Many evenings I paced the floor of my tiny Spokane apartment, trying to work up the courage to call up friends and go out. Too nervous, I would often surrender to the comfort of my bed, a bowl of ice cream and a slew of Netflix shows.
I spent the days wandering the city alone, crying in my therapist's office or having anxiety attacks between work assignments. I was stuck.
When you have that unkind combo of mental health issues — depression and anxiety — you feel like you can't move. Invisible weights keep you physically chained close to home and mentally chained to darkness. I was 25, two years out of university, with $60,000 in student loan debt and had decided not to work in the field I got my degree in.
But I had an option, something tickling my mind for years: I wanted to travel. Without much planning, I quit my jobs, put my belongings in a storage unit, filled a backpack and left.
I had snagged a seasonal job on a ship processing salmon at sea in Alaska. From there, I volunteered for Mercy Ships on their nonprofit hospital ship in Madagascar. I traveled to South Africa and I saw Dubai. I returned to Alaska to process cod in the late winter. I flew to Europe and backpacked around the western countries. Now I'm in the south of Ireland, working at a hostel in exchange for room and board. I've been gone a year and a month.
Was I in the best mental and financial condition to go? No. I just went. I decided to let my passion to see the world outweigh my fears and my shallow bank account. And despite many days of kid-like excitement and calming joy on the road, it hasn't always been fun. I have struggled more than I anticipated.
This is how I thought of it: I will always be sad and anxious. What's the point of staying sad and shut up in my apartment? Why not be sad sailing up to the Bering Sea, walking through the streets of Paris or seeing the Roman ruins? Why not feel it abroad in beautiful places, in places that at least give me the chance to feel something better?
Plenty of people I met decided to do what they're doing on a whim, or unprepared.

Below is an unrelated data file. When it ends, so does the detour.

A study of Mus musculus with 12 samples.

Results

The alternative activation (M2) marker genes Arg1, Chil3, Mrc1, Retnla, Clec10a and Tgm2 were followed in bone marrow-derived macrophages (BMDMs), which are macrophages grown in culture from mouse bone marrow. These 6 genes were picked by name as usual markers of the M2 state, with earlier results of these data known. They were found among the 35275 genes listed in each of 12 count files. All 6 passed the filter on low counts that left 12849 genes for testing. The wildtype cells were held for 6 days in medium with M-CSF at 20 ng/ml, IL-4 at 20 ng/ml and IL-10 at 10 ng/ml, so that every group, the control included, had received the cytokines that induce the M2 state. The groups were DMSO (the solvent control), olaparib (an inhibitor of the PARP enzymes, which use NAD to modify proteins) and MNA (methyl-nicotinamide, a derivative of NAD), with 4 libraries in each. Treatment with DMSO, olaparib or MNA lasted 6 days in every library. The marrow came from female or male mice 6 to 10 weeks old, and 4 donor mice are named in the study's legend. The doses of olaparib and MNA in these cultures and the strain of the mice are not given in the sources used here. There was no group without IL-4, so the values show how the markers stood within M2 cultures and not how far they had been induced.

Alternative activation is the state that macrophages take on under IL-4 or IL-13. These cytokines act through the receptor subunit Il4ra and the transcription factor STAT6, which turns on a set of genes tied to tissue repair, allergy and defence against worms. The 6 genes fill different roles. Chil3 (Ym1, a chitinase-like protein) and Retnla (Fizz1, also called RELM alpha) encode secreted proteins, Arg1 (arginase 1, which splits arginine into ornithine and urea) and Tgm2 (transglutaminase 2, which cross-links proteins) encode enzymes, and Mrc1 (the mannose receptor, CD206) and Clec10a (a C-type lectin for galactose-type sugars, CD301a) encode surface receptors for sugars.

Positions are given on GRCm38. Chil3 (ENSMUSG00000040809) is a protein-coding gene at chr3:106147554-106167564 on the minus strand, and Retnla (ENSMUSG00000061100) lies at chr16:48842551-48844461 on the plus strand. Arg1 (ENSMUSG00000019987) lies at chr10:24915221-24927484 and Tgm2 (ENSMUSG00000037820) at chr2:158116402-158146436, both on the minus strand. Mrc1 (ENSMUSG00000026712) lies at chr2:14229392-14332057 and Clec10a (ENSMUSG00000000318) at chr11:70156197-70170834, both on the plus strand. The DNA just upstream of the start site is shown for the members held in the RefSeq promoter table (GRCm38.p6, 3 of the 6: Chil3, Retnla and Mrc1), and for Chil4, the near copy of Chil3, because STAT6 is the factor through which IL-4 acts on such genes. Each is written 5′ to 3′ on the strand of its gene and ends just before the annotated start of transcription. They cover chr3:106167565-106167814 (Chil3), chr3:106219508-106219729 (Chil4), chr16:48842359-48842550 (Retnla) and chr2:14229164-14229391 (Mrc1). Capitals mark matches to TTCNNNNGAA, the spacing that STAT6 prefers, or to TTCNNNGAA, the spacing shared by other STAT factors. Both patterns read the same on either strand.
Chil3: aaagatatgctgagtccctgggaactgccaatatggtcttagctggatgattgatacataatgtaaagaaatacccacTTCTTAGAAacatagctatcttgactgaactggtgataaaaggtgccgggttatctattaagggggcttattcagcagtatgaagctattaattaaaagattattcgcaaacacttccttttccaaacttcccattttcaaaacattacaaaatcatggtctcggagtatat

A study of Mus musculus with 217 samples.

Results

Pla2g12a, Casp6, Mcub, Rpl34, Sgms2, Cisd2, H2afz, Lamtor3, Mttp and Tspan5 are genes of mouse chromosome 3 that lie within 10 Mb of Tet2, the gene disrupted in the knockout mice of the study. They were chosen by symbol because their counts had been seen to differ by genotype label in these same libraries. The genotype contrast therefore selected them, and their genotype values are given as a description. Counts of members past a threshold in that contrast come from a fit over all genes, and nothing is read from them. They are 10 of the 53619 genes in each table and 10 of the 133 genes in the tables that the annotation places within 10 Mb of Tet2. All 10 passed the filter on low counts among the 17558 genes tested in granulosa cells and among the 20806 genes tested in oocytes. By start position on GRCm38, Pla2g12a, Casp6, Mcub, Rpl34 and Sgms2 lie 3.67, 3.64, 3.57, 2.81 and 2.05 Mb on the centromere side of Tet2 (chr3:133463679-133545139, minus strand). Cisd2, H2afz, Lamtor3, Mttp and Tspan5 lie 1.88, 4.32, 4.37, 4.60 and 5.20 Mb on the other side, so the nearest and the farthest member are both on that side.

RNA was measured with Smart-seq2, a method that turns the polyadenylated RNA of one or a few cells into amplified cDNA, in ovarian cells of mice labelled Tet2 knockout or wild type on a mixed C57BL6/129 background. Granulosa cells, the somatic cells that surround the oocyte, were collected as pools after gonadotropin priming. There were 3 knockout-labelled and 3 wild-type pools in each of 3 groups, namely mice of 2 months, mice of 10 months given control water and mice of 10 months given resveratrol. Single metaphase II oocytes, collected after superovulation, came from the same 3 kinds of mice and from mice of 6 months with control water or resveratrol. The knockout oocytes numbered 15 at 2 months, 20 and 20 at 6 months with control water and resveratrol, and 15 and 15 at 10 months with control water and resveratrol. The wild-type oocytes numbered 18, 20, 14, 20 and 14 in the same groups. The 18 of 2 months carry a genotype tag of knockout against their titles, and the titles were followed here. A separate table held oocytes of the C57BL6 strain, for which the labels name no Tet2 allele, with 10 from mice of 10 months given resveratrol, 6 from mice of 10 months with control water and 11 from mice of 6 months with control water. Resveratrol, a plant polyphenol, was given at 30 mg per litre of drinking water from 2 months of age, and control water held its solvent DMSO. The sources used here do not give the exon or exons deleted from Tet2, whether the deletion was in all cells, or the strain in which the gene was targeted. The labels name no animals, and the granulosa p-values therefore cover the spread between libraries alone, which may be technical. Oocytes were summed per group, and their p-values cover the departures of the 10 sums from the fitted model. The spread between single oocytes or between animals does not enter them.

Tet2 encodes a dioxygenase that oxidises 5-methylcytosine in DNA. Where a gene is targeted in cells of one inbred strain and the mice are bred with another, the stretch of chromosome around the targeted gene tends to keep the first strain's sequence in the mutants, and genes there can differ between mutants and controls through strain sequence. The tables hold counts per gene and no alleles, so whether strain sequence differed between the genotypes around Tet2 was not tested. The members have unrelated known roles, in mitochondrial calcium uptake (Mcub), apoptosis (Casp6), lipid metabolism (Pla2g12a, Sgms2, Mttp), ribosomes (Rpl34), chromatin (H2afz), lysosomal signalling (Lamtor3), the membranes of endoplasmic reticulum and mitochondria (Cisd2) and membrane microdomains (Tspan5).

Nate and Sal had wanderlust so bad, they were train-hopping and busking their way around the United States for seven years before they got on the ship to work in Alaska. Sabine from Germany quit after 20 years of being a secretary to caravan around Europe. Robert from America beamed with pride when he told me around a bonfire in Munich that it was his first time traveling abroad, that he was traveling on his own and he's completely deaf.
The world is a much kinder place than you might imagine.
There are places along the way to help you and to energize you. Those places are hostels, the nexus of like-minded travelers hell-bent on exploring the world. Those places are the couches of generous locals. Those places are cafés, forests and beaches.
I found kindness in a mom and daughter walking me back to my hostel after I got lost in Soweto. I found it in a nun who offered me counsel at a hermitage in Glendalough. I found it in a local serving me tea and toast in his apartment in Derry. I found it in a friend I met in Madagascar who put me up in her London flat.
Whether you're sad, broken, stuck or simply bored, catch a bus, ride a ferry, take a train, hitch a ride or get on a plane.
Just know the road is here for you. It heals and inspires. All you have to do is get going. ♦
Follow Jo Miller's adventures at sadgirlseestheworld.wordpress.com.